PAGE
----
This evening I took a walk down the country gravel road. The sun had already dipped below the horizon and the navy blue sky was edged in pink. On each side of me the road was banked with the blooms of shoulder high Queen Anne's Lace. The half moon shone down on the fields where the fireflies sparkled and flickered, reminding me of a concert crowd waving their Bic lighters for an encore. We don't have fireflies in Oregon and they are a special part of Midwestern summer that I miss. They are other-worldly, like fairies rising up at twilight with their magic light.
The frogs and crickets began chirring their night music while in the distance I heard that there were still Amish out and about although it was almost completely dark. This local community is not allowed to use rubber so the steel wheels of their wagons, carts and buggies make a loud crunch and clatter on the gravel road that can be heard half a mile away.
As I passed one Amish farm the family with their six small children was eating dinner at a table on the porch with a lantern glowing in the middle. I thought this was charming and odd at the same time. Enos, the father, had just visited us an hour before while we finished our al fresco dinner on Katie's deck. I wondered if we had somehow inspired him to have his family eat on their porch. Nathan confirmed to me that he has never before seen an Amish family eat a meal on their porch. When I passed the farm again on my way back home, several of the children came running out to give me some freshly baked bread. Ruth, their mother, appeared from the house to chat with me and I asked her if she had been baking on this terribly hot day.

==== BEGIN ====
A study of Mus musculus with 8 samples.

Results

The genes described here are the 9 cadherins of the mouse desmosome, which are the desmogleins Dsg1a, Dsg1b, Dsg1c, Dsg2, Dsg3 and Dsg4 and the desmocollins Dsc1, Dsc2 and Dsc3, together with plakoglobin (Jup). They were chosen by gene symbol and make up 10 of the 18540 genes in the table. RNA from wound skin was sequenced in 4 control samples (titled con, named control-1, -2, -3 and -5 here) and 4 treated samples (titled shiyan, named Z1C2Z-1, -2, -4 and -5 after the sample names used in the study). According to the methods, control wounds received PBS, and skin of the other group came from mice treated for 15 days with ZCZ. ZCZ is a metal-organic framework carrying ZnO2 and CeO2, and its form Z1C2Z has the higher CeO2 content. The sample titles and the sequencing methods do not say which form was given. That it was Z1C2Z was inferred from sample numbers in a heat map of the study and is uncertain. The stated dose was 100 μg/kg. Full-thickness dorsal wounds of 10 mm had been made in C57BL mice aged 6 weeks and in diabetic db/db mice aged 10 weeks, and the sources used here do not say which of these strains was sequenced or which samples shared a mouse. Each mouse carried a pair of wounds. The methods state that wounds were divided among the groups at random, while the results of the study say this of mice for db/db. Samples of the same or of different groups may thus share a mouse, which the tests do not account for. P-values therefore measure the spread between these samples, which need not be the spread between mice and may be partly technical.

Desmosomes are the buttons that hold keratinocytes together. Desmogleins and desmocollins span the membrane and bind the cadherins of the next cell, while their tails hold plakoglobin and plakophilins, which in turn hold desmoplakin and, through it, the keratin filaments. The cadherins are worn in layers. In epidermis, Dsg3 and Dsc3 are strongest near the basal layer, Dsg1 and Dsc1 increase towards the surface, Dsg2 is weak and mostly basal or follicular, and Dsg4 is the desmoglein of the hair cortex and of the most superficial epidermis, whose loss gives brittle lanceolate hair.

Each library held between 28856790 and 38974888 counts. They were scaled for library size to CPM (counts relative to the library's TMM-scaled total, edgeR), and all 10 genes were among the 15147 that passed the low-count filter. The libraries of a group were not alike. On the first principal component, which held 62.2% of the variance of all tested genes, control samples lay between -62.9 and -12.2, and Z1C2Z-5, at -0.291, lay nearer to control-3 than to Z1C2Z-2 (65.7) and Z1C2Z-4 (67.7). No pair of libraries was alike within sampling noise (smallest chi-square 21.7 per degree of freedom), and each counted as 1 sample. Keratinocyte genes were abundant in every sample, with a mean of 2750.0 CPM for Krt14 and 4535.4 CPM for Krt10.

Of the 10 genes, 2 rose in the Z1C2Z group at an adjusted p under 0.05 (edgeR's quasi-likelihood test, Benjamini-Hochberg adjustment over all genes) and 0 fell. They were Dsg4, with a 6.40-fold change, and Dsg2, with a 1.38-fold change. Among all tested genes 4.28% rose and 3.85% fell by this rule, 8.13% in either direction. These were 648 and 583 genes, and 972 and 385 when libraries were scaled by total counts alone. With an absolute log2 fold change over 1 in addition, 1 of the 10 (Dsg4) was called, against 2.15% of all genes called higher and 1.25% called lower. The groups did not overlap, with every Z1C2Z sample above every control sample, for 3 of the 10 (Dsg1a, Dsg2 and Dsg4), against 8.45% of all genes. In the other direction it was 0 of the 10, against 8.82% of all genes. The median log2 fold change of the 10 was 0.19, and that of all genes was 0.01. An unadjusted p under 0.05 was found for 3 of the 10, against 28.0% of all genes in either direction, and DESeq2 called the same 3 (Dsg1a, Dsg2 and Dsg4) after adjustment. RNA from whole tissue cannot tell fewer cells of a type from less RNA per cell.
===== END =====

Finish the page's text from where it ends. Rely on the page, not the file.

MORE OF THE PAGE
Ruth: Oh yes. That is why we were eating on the porch. The kitchen is so hot from baking.
Me: Do you have a wood cook stove?
Ruth: Yes, my oil stove isn't working so well so I'm using the woodstove.
Me: I suppose you do all your canning on the woodstove in the kitchen too?
Ruth: Oh yes, I do. Tomorrow I'm going to bake blackberry pies too. I want to bring you one.
Me: You need a summer kitchen, don't you? So you can be outside.
Ruth: Yes, that is what I am dreaming of.
These families that work so hard to sustain themselves without modern conveniences not only don't have electricity but they also don't have indoor plumbing. Their farmhouses are often very large, with expansions and additions. The other day I marveled at the cost for the average man of building such large houses and was reminded that the Amish don't wire or plumb the houses which greatly reduces the cost of construction. They simply frame the walls and put them up. So poor Ruth, after baking all day in 95 degree heat on a wood fueled cookstove must then wash up her dishes without the convenience of hot and cold running water. When she retires to bed she can only hope for a breeze to come through the window to cool her because they use no fans. There is also no cool shower to wash away the sweat and grime of the day.
This all saddens me because their ascetic lifestyle seems so pointless. Their arbitrary rules, which are different in each community, are bent when they can be. Some members move to other communities where the rules might be less oppressive. If anyone chooses to leave the Amish religion, they are shunned by all, including their own families for the rest of their lives. The initial appearance is that the Amish lifestyle is simple and without modern-day stresses and yet it is actually very difficult and lacking in rest or comfort. My son-in-law, Nathan, who is a minister of a church here, has had conversations with them about religion and he says their focus is on their rules, and they have trouble even talking about Christ Jesus at all. I can't help but question whether they know the true freedom of the Gospel message of Christianity.